In a political context this is perhaps the most controversial issue; does the person in power actually have the power they are laying claim to? Did they actually win the election? In the second case, however you boil it down, he did win, the courts upheld the decision and however upset this fact made people, they upheld the rule of law, which in its own way made the presidency legitimate.
Throughout much of history, though, the question has been two-fold. Does the person have the power they are claiming and to whom was that person born? The answer to the first often stemming as much from the second as from any other source.
Such was the case at Philip II’s wedding when the guardian of the new Macedonian wife stood up and proposed a toast that Philip could now get down to creating a legitimate heir. While there is no evidence to suggest that Alexander was somehow tainted by bastardy, or even that such a concept existed beyond recognizing that some children were born of more important women; yet there was some notion of an ethnic identity and that at least some people saw or wanted to see that Alexander was outside of it.
Of course Macedonia had no rules about monogamy other than that you must be able to provide for your women and children (at least that was the idea), and in fact Kleopatra was Philip’s sixth wife, and the only one from Macedon. If he and his other primary advisors truly believed in purity of Macedonian blood, then he would have chosen a Macedonian wife earlier in his reign, rather than so late. The incident, too, must be regarded carefully in that Alexander had been considered the heir for the previous 18 years and only now, by the man who had the most to gain from Kleopatra’s child, was he called an illegitimate child. When Philip died shortly thereafter, Alexander promptly became king, receiving acclaim from the army and from a large portion of the nobility, even from Lower Macedonia, wherein true legitimacy theoretically resided.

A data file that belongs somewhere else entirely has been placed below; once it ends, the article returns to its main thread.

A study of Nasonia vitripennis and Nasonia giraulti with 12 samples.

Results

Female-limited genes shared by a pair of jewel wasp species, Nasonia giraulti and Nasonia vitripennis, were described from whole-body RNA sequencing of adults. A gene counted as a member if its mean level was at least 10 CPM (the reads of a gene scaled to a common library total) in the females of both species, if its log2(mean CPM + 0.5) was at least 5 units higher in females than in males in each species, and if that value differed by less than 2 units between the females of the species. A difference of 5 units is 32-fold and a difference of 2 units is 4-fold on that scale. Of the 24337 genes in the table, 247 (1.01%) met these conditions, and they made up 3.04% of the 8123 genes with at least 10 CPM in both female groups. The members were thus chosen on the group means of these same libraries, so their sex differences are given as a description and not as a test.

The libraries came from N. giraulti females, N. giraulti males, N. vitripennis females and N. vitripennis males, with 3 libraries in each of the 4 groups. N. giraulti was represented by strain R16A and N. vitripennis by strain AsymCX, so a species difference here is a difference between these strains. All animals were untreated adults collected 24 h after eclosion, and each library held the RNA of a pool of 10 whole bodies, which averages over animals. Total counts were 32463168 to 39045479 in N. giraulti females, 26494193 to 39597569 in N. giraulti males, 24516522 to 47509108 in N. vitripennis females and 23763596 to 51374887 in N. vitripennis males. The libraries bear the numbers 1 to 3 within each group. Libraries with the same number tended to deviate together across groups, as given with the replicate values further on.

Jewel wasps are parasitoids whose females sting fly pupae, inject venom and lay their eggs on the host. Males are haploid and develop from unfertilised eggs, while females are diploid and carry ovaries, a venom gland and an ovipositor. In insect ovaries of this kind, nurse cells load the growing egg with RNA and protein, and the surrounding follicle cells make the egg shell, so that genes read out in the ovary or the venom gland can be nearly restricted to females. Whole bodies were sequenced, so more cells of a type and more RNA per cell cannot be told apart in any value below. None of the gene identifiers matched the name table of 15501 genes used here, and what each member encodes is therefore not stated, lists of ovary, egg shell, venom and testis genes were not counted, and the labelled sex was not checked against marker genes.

Of course there were two additional factors at play. First, Attalos could not have been alone in his perception as his words did find receptive ears and at the same time struck home with Alexander. It was not an unknown bias, if not a majority one. Second, Alexander suffered residual resentment from his mother, who, by all accounts was a psychotic lunatic. So too were the rest of Philip’s women (Kleopatra aside), but that is another matter. Olympias went above and beyond to the point where Philip exiled her. Oh, and she simply became crazier as time went on, having Kleopatra and her child killed, as well as Philip’s bastard child (and one of Alexander’s heirs), and his wife, some of these supposedly with her own hands. Meanwhile she and her daughter plotted to take over Epirus and Macedonia respectively, to which Alexander claimed his mother chose well because Macedonians would never consent to be ruled by a woman.
But I digress. Whatever Olympias’ reputation and its impact on Alexander’s legitimacy, Philip recognized Alexander as his son and raised him as heir. Perhaps had Philip lived his son by Kleopatra, Caranus, would have become heir, but then he would have had to compete with Alexander. But that is no more than idle speculation. Alexander had all the prerequisites for a Macedonian king: charisma, skill at arms, skill as a general, and born of the king. Every question about his place in society comes back to two points: Alexander, no matter his mother, was more legitimate than Philip had been and that did not hamper Philip overly much because of his success. Second, Philip died and Alexander, unlike the infant or even unborn Caranus, was mature; he came, he saw, he conquered. Legitimacy stems as much from the subjects as the rulers; to them Alexander was legitimate.